The ideal gift for anyone with a penchant for cooking – or anyone who fancies themselves a little bit of a cowboy – these knives have been used by gauchos for centuries out on the pampa as their primary tool, whether it be scraping mud off the hooves of their horse, preparing a meal, cutting down wood for a fire, or even cleaning their teeth. So there is really nothing more fitting for anyone who enjoys a bit of adventure in the outdoors than to give them Argentina’s version of the Swiss Army knife. They also come with cool wooden or bone handles, and a handy leather sheath to protect them.
If you have travelled lightly with a view to making some purchases in Argentina to take home, then it is imperative that you go back with a glass siphon, or soda bottle. However, if weight is an issue, you may want to avoid this typical Argentine gift, as they do weigh a lot. Nowadays plastic siphons are used in traditional Argentine restaurants, but reminders of customs past are visible at every weekend market, especially in that of San Telmo on a Sunday, where these glass siphons glint blue in the sun, just begging to be brought home.
With the proliferation of cows and meat, perhaps it is no surprise that leather is one of the best products out there in Argentina. Comparatively, leather is very reasonably priced and of good quality, so head to Villa Crespo to the leather outlets to get a customised leather jacket made, or simply pick up a cute wallet for a friend back home.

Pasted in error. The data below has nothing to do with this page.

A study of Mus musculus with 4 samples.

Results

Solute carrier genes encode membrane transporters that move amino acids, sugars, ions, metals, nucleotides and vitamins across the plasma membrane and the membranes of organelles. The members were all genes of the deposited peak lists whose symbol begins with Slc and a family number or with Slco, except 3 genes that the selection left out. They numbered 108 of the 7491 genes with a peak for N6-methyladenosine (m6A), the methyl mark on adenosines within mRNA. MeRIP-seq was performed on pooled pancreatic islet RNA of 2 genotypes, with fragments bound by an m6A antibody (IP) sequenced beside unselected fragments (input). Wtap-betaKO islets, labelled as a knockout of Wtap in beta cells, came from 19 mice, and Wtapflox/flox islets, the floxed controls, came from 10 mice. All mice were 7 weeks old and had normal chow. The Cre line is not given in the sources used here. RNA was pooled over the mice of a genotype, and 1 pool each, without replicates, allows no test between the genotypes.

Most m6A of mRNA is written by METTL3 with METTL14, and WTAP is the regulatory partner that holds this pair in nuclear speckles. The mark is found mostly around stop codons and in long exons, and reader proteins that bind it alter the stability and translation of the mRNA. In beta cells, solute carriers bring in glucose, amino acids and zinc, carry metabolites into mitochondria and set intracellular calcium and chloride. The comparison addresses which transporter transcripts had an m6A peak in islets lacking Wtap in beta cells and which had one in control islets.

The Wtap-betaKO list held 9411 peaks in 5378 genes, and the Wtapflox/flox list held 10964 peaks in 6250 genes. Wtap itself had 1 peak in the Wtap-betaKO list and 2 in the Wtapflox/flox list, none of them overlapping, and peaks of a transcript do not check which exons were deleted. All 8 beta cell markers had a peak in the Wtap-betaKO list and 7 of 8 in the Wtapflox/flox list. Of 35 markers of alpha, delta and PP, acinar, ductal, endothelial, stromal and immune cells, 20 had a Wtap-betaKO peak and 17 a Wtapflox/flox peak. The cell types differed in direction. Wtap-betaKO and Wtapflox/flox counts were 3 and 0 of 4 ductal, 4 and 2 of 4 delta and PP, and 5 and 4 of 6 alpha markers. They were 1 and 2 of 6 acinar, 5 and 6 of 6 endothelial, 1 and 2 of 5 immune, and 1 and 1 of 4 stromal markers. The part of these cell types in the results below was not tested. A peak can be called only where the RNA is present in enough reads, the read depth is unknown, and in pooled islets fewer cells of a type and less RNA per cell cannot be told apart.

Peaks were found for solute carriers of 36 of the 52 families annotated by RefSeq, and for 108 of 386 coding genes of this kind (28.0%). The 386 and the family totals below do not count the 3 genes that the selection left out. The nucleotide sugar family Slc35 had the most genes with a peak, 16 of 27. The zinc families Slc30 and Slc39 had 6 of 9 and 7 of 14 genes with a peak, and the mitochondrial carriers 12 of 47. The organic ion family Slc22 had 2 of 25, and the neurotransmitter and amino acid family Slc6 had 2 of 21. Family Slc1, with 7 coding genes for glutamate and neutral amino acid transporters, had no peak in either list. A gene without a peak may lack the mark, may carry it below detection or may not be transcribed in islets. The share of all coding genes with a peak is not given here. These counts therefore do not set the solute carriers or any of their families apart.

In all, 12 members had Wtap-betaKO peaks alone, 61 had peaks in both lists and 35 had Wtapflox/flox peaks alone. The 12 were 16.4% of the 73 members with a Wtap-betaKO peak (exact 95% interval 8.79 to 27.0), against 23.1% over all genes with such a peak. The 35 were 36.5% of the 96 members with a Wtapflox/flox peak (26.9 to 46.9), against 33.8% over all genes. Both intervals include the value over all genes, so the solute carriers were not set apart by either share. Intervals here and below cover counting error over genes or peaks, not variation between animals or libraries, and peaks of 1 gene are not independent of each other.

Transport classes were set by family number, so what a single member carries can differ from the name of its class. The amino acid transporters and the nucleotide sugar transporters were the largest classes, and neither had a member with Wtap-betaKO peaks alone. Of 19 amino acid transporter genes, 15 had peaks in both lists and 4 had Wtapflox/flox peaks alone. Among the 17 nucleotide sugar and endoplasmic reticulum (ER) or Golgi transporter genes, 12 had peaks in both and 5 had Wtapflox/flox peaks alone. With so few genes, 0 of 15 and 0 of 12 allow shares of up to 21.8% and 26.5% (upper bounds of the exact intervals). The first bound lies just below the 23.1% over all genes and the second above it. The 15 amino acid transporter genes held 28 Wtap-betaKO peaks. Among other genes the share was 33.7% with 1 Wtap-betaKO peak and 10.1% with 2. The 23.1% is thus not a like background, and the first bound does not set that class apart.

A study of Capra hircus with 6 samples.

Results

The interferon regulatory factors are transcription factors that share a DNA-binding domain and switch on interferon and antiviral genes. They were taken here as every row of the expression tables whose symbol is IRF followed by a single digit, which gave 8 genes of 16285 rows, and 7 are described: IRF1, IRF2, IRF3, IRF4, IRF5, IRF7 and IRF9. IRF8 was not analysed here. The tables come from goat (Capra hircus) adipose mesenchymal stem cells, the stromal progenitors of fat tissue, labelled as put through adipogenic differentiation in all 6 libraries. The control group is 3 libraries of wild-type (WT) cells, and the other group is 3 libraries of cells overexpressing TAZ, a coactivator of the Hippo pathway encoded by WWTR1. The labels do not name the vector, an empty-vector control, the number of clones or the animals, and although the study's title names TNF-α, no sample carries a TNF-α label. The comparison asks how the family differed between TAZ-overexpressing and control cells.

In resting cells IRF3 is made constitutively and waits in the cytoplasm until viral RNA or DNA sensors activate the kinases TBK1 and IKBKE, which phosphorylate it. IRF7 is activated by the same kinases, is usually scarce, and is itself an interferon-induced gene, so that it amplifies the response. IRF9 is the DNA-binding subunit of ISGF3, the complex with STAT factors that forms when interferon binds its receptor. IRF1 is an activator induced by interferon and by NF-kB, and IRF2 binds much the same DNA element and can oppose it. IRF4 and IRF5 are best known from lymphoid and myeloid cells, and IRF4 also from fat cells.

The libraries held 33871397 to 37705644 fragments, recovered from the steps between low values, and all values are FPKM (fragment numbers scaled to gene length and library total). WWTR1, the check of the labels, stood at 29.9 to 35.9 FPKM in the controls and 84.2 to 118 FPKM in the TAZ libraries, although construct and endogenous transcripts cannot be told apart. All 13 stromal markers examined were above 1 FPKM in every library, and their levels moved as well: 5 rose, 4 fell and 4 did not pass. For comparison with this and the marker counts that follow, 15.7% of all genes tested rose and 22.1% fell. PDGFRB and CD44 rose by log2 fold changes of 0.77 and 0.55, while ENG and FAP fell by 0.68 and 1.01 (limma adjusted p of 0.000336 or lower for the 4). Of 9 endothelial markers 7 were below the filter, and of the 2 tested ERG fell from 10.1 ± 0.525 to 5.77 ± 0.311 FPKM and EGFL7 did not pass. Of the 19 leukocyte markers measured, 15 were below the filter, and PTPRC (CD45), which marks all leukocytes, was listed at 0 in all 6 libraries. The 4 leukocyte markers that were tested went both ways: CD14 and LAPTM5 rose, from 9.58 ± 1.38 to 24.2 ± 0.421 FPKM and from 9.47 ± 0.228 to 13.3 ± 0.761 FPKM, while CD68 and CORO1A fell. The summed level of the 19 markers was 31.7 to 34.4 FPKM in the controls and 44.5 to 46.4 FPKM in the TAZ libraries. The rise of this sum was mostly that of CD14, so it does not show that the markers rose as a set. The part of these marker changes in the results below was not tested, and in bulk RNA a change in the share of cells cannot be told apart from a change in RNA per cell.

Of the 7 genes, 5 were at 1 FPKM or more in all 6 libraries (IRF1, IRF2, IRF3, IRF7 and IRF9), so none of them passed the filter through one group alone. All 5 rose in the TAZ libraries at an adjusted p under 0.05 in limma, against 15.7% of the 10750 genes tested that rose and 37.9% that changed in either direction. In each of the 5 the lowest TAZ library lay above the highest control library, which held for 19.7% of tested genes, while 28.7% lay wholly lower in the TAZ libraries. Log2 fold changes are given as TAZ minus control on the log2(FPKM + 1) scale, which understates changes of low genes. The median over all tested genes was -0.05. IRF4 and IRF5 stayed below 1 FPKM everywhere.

In the event that you aren’t able to bring half a cow home with you, if you want to treat your friends and family at home to the taste of Argentina, bring them alfajores. These biscuit/cakes are a staple of Argentine society, just as popular with school children as they are with grandparents. Havana make the most iconic alfajor, and they have a variety to choose from. Get the traditional alfajores dunked in chocolate and filled with dulce de leche, or the ones made from maizena, or corn startch, for a real Argentine treat.
This quirky little serving jug in the shape of a penguin has become a symbol of Argentine culture. Clearly taking its form from the friendly inhabitants of Patagonia, the Magellanic penguins, the pinguino also has connotations with traditional Argentine customs, namely family dinners in the 1950s and, of course, the consumption of wine, which is often served in pinguinos. Pinguinos come in many forms, and some are painted and even given little shirts and waistcoats. Buy a plain one and paint it yourself for maximum souvenir effect.
Perhaps this is a better gift for people familiar with Argentine history and culture and who, of course, speak Spanish. This iconic comic book was released during the dictatorship and provided an innocent commentary on the state of the nation, and has since become a national treasure. Available in all bookshops, and in antique fairs and markets, the Mafalda comics are a piece of Argentine history and a really great souvenir.